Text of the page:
Edmonton, Lone Pine Publishing, 1988. 220pp, paper, $9.95, ISBN 0-919433-54-5. CIP

Grades 7 and up/Ages 12 and up
Reviewed by Sharon A. McLennan McCue

Volume 17 Number 3
1989 May

The book's opening focuses on an Indian mother's fear for the life of her sick baby and her desperate call for help from the medicine man. The dramatic cure the medicine man advises is taking the nude baby out into the winter night to be healed by the wind. The wind not only saves the child's life but also gives the child his true name and becomes a source of strength for him throughout his life.

The early chapters deal with the anguish of Sitting Wind's grandmother at having to send her four-year-old grandson to a residential school far removed from the bush camp in which she is living. By the time he leaves the school his grandmother and adopted grandfather see that he has no understanding of how to live on the land in the way of his ancestors. So they undertake to ensure that his "white man's education" is matched by a Stoney education. These two kinds of education direct his life's role as a man who can survive in both worlds.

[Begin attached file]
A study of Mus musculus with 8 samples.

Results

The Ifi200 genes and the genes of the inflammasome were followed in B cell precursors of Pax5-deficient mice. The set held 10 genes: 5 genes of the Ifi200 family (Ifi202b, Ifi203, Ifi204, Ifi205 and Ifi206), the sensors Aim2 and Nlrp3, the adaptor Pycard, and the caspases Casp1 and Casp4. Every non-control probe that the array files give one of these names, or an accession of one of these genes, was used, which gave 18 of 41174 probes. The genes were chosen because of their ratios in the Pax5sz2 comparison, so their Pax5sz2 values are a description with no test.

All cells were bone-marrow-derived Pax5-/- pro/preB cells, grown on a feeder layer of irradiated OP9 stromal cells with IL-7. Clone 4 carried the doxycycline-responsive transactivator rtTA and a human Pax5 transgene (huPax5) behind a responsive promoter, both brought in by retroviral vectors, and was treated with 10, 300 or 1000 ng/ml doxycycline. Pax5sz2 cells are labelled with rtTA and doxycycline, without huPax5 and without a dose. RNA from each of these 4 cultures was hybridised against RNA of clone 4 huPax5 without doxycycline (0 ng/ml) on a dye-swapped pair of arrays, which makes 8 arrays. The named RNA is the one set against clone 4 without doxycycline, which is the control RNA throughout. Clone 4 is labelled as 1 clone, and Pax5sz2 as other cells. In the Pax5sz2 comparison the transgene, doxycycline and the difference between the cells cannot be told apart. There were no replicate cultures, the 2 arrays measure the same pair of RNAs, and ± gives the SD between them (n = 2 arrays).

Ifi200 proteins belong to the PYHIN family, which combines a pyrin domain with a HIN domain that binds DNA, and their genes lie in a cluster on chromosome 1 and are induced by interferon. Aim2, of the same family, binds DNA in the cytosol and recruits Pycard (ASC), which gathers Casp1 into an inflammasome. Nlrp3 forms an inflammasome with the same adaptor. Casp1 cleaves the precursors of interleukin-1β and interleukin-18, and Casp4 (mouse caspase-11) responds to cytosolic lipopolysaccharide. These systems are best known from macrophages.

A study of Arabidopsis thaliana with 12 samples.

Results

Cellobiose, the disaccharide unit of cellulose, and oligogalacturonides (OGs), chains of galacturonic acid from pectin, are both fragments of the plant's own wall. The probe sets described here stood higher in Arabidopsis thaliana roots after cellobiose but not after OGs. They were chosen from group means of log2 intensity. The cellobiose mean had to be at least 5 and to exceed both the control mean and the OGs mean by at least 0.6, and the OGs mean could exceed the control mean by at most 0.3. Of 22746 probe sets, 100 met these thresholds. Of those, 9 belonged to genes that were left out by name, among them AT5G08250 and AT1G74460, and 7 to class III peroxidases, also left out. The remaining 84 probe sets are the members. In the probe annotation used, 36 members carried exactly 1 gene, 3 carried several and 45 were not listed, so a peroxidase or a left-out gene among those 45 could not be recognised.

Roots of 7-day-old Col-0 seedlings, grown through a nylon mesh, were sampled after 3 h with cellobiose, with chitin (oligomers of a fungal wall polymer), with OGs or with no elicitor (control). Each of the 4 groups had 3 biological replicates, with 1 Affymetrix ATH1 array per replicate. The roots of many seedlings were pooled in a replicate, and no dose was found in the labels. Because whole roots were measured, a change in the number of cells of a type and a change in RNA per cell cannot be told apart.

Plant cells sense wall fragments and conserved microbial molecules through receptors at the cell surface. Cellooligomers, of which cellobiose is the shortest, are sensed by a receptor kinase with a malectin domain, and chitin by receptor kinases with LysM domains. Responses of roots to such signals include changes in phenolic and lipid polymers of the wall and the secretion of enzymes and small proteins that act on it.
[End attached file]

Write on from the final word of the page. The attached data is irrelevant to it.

It is unfortunate that the biographer seems unable to follow through with the promising set-up of the first half of the book. In the second half of the book the reader is raced through the highlights of Sitting Wind's life from the age of twenty-five to the present. In the hands of a more skilled writer this could still be interesting, but I got the feeling that Jonker just wanted to get it over with.

Jonker's liberal use of dialogue makes this biography read more like a novel than a work of non-fiction. For this reason, it might be popular with pre-teen and young adult readers. Adult readers would be interested in the changes that have taken place during the sixty-five years of Sitting Wind's life.

Parts of The Song and the Silence, particularly the early parts, could be used effectively in a class studying either biographies or native people. It would be a worthwhile purchase for any library with a native audience or a specifically native collection.

Sharon A. McLennan McCue, Ottawa, Ont.